Amazon has the ecommerce industry cornered, or so it would seem. A recent Business Insider report finds that at least 53% of all online sales for 2016 went to Amazon. Insiders are speculating that this marketplace could experience more growth this year, with some experts predicting that its hold on the market could expand to as much as 60% of all online sales in 2017. Understanding Amazon’s recipe for success is made easier when you look at the four pillars of ecommerce success that this marketplace incorporates into their selling methodology: Great selection, fast and cheap (or free) shipping, easy returns and competitive prices.
A majority of Amazon merchants are multichannel sellers. But with the current proprietary backend system, many are left with piles of tedious manual work at the end of each day, if they really want to have a look at their true cross-channel numbers and customer data. Newer software solutions are emerging that could change this data conundrum, though. But first, let’s take a look at just how widespread the data pinch is for cross-channel Amazon merchants.
Most Amazon Merchants Are Selling on Multiple Channels
At first glance, one may not think that there’d even be a data pinch for Amazon sellers. That’s because it’s easy to think that a merchant may just list their wares on this marketplace and be done with it. But the real numbers reveal quite a different story.
According to Tech Crunch, Amazon hosts more than 2 million merchants worldwide, and they combine to sell 2 billion products and counting. It’s this massive offering that has made Amazon the go-to ecommerce destination for shoppers, accounting for over half of all Google product searches last year.
But how many of these merchants are using more than one sales channel? A Web Retailer survey finds that 77% of them sell on at least one other channel. Around 35% are using a Shopify shopping cart, 32% are using Magento and the rest are using a mix of 3dcart, WooCommerce and others. With more than two-thirds of these merchants selling across multiple sales channels, the data pinch is real.
Amazon’s Expensive for Sellers
While Amazon is great for the shopper, merchants pay steeply to list their wares. A quick look at Amazon’s fees is telling. Individual Seller and Pro Merchant accounts result in as much as 15% in fees that the seller must pay before they get their cut of the sale. If they are using Fulfillment by Amazon (FBA), additional fees can be added to the sale. At the end of the day, sellers are making far less than they would on their other sales channels, while also being forced to manually consolidate their data between all these channels.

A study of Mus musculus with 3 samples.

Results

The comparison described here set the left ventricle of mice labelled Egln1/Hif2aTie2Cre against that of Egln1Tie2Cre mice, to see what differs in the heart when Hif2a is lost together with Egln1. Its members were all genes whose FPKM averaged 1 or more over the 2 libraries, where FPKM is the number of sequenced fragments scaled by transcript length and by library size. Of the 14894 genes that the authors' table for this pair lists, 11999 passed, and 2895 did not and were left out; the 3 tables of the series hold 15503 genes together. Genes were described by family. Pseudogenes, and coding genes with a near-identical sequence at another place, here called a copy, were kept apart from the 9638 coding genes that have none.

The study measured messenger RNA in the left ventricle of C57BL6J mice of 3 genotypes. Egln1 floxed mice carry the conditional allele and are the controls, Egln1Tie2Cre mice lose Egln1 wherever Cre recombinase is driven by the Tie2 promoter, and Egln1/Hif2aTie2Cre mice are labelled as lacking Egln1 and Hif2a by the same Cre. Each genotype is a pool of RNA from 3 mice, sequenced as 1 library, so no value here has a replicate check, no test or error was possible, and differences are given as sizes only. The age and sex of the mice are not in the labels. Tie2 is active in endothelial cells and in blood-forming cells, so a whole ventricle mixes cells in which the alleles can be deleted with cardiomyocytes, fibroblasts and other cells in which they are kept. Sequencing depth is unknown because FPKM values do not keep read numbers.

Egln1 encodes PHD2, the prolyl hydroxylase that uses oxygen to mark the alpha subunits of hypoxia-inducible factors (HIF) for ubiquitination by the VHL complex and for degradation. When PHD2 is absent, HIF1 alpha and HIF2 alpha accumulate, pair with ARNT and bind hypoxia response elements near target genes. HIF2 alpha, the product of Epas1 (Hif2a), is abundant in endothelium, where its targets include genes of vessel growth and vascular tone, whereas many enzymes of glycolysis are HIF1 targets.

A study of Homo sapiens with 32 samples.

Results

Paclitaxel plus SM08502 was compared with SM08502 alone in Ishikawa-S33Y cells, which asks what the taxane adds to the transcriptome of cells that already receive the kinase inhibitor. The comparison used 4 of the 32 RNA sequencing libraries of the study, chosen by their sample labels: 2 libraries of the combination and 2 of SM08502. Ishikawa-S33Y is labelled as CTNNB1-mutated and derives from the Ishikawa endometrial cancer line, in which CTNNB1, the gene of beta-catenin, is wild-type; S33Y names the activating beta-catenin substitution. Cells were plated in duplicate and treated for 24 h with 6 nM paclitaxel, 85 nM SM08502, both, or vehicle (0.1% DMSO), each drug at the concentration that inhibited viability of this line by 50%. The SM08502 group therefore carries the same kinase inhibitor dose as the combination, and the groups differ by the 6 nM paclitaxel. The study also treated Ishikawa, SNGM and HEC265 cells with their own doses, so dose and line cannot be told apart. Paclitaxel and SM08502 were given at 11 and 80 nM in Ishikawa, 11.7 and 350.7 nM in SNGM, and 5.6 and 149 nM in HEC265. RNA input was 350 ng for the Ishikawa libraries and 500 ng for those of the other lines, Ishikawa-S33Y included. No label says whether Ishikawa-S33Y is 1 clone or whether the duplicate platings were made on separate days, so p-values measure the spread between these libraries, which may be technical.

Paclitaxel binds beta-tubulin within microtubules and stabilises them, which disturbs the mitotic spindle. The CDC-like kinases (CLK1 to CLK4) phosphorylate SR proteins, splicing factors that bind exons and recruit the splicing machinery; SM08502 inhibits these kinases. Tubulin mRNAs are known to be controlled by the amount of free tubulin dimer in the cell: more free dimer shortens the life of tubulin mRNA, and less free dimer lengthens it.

Resolving the Data Hurdle
If a seller wants to compete on other marketplaces and sales channels, they also need to know how their Amazon numbers look. What’s more, the seller needs a way to proactively engage with their customers so they can build the relationship. Currently, Amazon limits this to their backend system, and safeguards this data with direct and encrypted emails, and a rating systems that has been proven to be timelessly biased and flawed.
For the cross-channel seller that needs to consolidate data and gain access to cross-channel reporting that tells them what’s hot, what’s not, who’s buying, who’s returning, shipping preferences and more, there have not been a whole lot of viable options until now.
Emerging Amazon CRM solutions with cross-channel functionality could be the silver lining. These systems connect all the seller’s accounts, and create customer profiles based upon real-time order data. They combine all of the known staples of CRM with new features that give retailers a way to see past the sale and learn more about their customers and their habits. Retailers can use this data to better manage their inventory, reduce return rates and lower shipping costs, all to the benefit of their bottom line.
Ecommerce’s Evolution is Coming from SaaS Integrators
Integrators are changing the name of the game for ecommerce. As the Huffington Post reports, “Integrators will become the new hub for e-tailers, namely because they will merge data from all sales and social channels, including cloud services, hybrid cloud applications and even light client applications.”
As far as the cross-channel e-retail space is concerned, CRM for ecommerce is far more than the flavor of the day; it’s a game-changer. A recent Forrester report predicts that 2017 could yield $1.8 trillion in cross-channel sales. With newer cross-channel Amazon CRM solutions such as these available, retailers will finally be able to connect a name and face to each sale—so they can improve their operation from top to bottom while boosting profit margins along the way.